The Memorial Day weekend starts tomorrow and along with it, the barbecues and celebrations; however, one Southeast Georgia community will have to celebrate without the fireworks. This afternoon, Ware County Commissioners voted four to zero to ban fireworks from now through the 4th of July. While the ban only affects Ware County, fire officials, including the Georgia Forestry Commission say right now, people should leave fireworks to the professionals.
Cleo Underwood won't be celebrating Memorial Day with fireworks. The Long County resident almost lost her home and her life when someone across the street started burning trash illegally.
"I got up to get in the shower and saw nothing but yellow," explained Underwood. That yellow was fire that went right up to her windows, melting the skirting and shutters on her home. She says she's lucky she got out.
Had she taken a shower or a nap, she said, "I would have been gone."
"1985 was the last time I remember it being this dry and it was a very bad year," said Jeff Stone, a chief ranger for the Georgia Forestry Commission in Liberty and Long Counties.
Stone said what's happening across Southeast Georgia is a good reason to make the fireworks displays put on by the pros the only ones you'll enjoy for awhile.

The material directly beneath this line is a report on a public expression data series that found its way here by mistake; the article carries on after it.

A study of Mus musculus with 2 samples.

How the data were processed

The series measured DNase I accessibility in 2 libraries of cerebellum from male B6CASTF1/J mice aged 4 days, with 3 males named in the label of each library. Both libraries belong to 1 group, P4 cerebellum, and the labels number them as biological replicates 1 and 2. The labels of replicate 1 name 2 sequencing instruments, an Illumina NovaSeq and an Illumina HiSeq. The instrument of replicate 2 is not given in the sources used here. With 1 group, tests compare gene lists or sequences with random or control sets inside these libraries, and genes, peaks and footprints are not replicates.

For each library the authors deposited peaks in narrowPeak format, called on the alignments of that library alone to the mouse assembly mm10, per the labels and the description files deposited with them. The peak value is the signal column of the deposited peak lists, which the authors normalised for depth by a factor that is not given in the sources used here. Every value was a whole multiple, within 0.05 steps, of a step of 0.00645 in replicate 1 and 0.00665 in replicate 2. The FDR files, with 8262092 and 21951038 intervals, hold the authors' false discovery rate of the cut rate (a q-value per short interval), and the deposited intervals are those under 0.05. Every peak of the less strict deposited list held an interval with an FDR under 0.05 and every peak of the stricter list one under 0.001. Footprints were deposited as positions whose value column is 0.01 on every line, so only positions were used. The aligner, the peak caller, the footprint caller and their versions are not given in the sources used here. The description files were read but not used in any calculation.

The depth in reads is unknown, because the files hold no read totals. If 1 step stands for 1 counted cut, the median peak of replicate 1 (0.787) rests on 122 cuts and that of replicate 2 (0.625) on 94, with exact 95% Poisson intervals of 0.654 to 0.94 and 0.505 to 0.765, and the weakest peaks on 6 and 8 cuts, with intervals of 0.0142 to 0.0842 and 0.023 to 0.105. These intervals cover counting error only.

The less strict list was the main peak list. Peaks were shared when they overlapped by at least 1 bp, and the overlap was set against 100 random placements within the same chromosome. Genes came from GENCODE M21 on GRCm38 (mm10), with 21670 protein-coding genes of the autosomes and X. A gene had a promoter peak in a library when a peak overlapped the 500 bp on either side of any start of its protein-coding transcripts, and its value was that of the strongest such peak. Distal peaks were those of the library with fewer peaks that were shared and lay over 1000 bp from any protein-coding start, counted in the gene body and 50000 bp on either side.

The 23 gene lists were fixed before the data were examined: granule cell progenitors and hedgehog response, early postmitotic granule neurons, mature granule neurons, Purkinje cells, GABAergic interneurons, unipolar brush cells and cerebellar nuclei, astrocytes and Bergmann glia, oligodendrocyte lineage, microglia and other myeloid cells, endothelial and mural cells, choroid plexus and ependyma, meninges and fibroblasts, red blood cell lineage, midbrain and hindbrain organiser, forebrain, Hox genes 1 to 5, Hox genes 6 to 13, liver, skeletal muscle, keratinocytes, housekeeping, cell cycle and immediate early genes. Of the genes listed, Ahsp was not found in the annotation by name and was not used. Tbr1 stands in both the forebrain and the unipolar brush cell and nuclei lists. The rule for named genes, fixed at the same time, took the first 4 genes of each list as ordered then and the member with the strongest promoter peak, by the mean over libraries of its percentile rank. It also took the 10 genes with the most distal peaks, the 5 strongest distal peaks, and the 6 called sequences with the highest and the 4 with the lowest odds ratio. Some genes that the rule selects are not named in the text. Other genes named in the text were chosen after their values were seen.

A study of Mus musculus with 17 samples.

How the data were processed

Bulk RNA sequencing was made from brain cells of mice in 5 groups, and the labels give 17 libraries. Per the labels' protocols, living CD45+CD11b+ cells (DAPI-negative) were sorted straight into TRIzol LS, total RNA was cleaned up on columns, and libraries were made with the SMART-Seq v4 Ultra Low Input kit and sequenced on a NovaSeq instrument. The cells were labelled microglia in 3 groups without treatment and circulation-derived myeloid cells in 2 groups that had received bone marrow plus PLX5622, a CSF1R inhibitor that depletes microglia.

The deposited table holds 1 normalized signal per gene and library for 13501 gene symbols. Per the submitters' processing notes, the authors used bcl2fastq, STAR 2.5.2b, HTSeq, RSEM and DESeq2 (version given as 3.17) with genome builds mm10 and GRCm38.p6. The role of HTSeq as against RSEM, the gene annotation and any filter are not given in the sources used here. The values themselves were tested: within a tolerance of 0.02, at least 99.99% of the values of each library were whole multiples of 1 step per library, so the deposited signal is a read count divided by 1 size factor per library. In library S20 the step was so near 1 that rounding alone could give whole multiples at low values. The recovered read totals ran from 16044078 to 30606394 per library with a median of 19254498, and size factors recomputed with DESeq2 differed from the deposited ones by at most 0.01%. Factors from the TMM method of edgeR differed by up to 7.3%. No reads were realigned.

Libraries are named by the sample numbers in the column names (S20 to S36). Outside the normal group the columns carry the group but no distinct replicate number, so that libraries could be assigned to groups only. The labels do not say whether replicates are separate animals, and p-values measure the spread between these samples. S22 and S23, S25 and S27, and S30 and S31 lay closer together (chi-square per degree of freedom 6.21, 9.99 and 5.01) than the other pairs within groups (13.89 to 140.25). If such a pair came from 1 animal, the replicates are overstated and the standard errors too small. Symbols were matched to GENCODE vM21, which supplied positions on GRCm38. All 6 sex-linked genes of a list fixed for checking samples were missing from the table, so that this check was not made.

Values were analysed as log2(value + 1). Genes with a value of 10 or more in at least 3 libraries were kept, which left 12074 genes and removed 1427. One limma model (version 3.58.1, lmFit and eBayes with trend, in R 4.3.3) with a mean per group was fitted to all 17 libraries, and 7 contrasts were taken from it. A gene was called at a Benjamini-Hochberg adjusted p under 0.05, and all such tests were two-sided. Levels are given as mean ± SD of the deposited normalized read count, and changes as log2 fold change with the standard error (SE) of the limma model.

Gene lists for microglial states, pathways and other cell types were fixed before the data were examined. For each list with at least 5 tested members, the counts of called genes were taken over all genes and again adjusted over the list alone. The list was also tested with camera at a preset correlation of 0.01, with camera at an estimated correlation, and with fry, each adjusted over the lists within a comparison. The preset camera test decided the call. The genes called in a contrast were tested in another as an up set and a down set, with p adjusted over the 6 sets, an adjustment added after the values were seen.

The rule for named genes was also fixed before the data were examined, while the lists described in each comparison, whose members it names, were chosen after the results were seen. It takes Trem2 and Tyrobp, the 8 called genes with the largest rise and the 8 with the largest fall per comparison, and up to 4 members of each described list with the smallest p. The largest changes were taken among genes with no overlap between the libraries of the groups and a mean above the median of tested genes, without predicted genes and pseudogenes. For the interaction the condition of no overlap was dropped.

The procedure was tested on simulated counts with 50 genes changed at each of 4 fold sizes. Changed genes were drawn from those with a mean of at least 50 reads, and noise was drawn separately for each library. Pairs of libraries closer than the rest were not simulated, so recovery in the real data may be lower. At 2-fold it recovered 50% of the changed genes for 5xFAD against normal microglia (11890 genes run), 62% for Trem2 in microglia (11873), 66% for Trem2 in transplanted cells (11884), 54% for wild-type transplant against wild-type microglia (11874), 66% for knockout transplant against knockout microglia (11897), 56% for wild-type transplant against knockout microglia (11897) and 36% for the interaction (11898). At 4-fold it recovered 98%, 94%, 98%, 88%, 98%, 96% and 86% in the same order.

"We don't want people's homes destroyed," he said. "We don't want the forests to burn. We don't want smoke on the highways. We don't want people injured."
Even legal fireworks in Georgia, like sparklers, are extremely dangerous. Georgia Forestry officials said one spark could easily set a dry, wooded area on fire.
"The straw and the leaves just crumble," said Stone. "All it takes is one spark to create a roaring fire."
Fire officials said they're not trying to destroy the fun; it's about saving lives and homes from the dangers another wildfire would bring.
Even urban areas, like Savannah, aren't immune to the dangers. Savannah Fire Chief Charles Middleton said smoke from the fires can still be dangerous, especially to the sick and the elderly.